What's That Bug? does not endorse extermination

Slinky black 6-legged bug
Location:  Portland, Oregon
September 22, 2010 5:35 am
Oh, Bugman,
I just discovered this site and I fervently want to know ”What is this bug?” It appeared in my kitchen yesterday, and I’ve never seen one like it in my life.
I’m not normally too bug-phobic, but this bug is so unusually slinky for a beetle-type bug, it just creeps me out. I’m truly tempted to bug carnage, but no. I guess I will release it, at least 10 blocks away…
Anyway, it’s solid and kind of velvety black, 6 legs, 1.25 inches long, with antennae. It looks mostly like a beetle, but it’s arched between the head and thorax, and the abdomen has two parts: rigid where it joins the thorax and then at the end very flexible — even slinky. So slinky, it’s just creepy!
I would love to learn what it is, if you can help. It was hard to get a good photo; hope these give you an idea.
Signature:  Kelly

Devil's Coach Horse

Kelly Self-Identifies Devil’s Coach Horse
Aha, Devils Coach Horse!
September 22, 2010 5:56 am
Daniel,
I just decided to click on each type of beetle, and found an exact match — interestingly from Troutdale, OR, from a month ago. I wonder if the DCHs just made it to Oregon, ’cause I have sure never seen one before.
I didn’t see the scorpion-like effect, but the name is apt. This bug has bad vibes. However, if it eats slugs and snails, I will not take it 10 blocks away — I will release it in my vegetable garden post haste!
Love, love, love your site!
Signature: Kelly

Dear Kelly,
We are happy to hear that you quickly self identified your Devil’s Coach Horse,
Ocypus olens, using our archive, and we are also happy to hear that you have considered getting along with this introduced species provided it stays in your garden and not your home.  Since the Devil’s Coach Horse was introduced to North America around 1930, we are not certain of the extent of its range, but BugGuide’s database indicates it is established in Oregon and California.  BugGuide does report three members in the genus, which expands the range even more, but we are not certain how to tell the species apart as they look so similar.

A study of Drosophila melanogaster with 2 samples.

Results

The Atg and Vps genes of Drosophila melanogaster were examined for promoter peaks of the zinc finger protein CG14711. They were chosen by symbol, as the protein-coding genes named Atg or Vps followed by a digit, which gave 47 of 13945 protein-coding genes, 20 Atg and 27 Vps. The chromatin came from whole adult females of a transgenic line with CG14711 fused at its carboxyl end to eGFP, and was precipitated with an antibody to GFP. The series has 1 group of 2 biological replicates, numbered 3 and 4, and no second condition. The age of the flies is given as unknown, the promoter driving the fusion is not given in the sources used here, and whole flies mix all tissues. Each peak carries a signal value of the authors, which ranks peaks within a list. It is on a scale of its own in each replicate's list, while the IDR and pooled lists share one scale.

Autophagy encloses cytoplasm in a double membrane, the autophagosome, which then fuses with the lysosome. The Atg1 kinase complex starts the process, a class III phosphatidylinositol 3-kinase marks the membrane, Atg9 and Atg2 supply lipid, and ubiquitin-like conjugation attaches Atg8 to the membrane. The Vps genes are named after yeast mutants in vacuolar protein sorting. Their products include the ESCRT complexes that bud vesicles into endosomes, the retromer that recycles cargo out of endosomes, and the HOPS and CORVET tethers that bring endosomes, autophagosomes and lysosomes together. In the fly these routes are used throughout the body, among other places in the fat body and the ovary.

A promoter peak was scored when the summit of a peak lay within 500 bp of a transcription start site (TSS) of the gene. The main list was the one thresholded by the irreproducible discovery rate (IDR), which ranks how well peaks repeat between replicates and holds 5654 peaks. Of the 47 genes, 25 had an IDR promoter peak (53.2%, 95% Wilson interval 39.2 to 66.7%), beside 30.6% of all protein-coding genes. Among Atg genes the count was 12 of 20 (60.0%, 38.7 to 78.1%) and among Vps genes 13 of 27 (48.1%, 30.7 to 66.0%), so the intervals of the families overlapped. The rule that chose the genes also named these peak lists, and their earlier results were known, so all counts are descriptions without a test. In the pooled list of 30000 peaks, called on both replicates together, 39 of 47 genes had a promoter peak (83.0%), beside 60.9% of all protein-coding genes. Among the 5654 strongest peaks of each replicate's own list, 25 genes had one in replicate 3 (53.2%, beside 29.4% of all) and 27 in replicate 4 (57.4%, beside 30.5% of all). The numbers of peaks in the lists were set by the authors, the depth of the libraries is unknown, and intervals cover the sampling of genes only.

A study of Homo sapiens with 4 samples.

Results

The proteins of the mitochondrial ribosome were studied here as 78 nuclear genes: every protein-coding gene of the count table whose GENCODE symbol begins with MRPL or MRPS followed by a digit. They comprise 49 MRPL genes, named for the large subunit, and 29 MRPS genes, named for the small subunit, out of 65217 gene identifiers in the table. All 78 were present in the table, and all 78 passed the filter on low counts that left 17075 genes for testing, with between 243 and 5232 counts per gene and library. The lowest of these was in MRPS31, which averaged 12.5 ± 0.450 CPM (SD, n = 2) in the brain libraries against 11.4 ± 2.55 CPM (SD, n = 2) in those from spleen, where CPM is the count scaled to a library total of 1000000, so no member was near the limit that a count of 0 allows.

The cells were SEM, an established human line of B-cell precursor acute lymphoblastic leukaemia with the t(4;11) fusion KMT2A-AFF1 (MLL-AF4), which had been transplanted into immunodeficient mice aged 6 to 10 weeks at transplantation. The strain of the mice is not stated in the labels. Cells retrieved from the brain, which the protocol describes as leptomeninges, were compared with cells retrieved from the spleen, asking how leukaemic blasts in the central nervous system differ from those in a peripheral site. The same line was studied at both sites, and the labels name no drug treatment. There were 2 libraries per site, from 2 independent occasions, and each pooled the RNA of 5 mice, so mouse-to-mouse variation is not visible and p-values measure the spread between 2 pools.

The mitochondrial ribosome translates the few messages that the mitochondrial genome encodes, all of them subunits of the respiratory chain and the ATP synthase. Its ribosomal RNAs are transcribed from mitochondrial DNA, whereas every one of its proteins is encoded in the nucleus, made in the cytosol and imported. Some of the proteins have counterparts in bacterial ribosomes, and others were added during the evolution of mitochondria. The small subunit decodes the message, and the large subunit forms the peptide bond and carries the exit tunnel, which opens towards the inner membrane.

Daniel,
I should have clarified that my Ocypus olens was actually 5-legged, and the posted image shows the 2-leg side.
A happy ending (but not for the slugs): I released the Devil’s Coach Horse into the garden this morning, and she/he immediately ran for cover under a leaf. As another reader reported, this bug does seem light-averse. As skeeved out as I was at first by it, after living with it (safely contained) for a couple days, I found that familiarity bred tolerance. Just before I released it, I showed it to a friend who was as revolted as I had been initially. But I felt… almost… fondness?
I will check out your book. BTW, thanks to you I will never again crush a house centipede.
Cheers,
Kelly

What's That Bug? does not endorse extermination

  1. sarah says:

    Hi everyone my name is Sarah and those little bugs are called devils horse coach, they are not harmful and they will bite if cornered but they are very beniful to thé soil, they also eat snails and slugs and spiders.

  2. Lis says:

    Just saw a Devil’s Coach Horse in a classroom at Reed College! Creepy, it raised its tail like a scorpion at slight movement in its direction. Scuttled away quickly to not sure where. Read on wikipedia that they can have a very painful bite, not so nice indoors.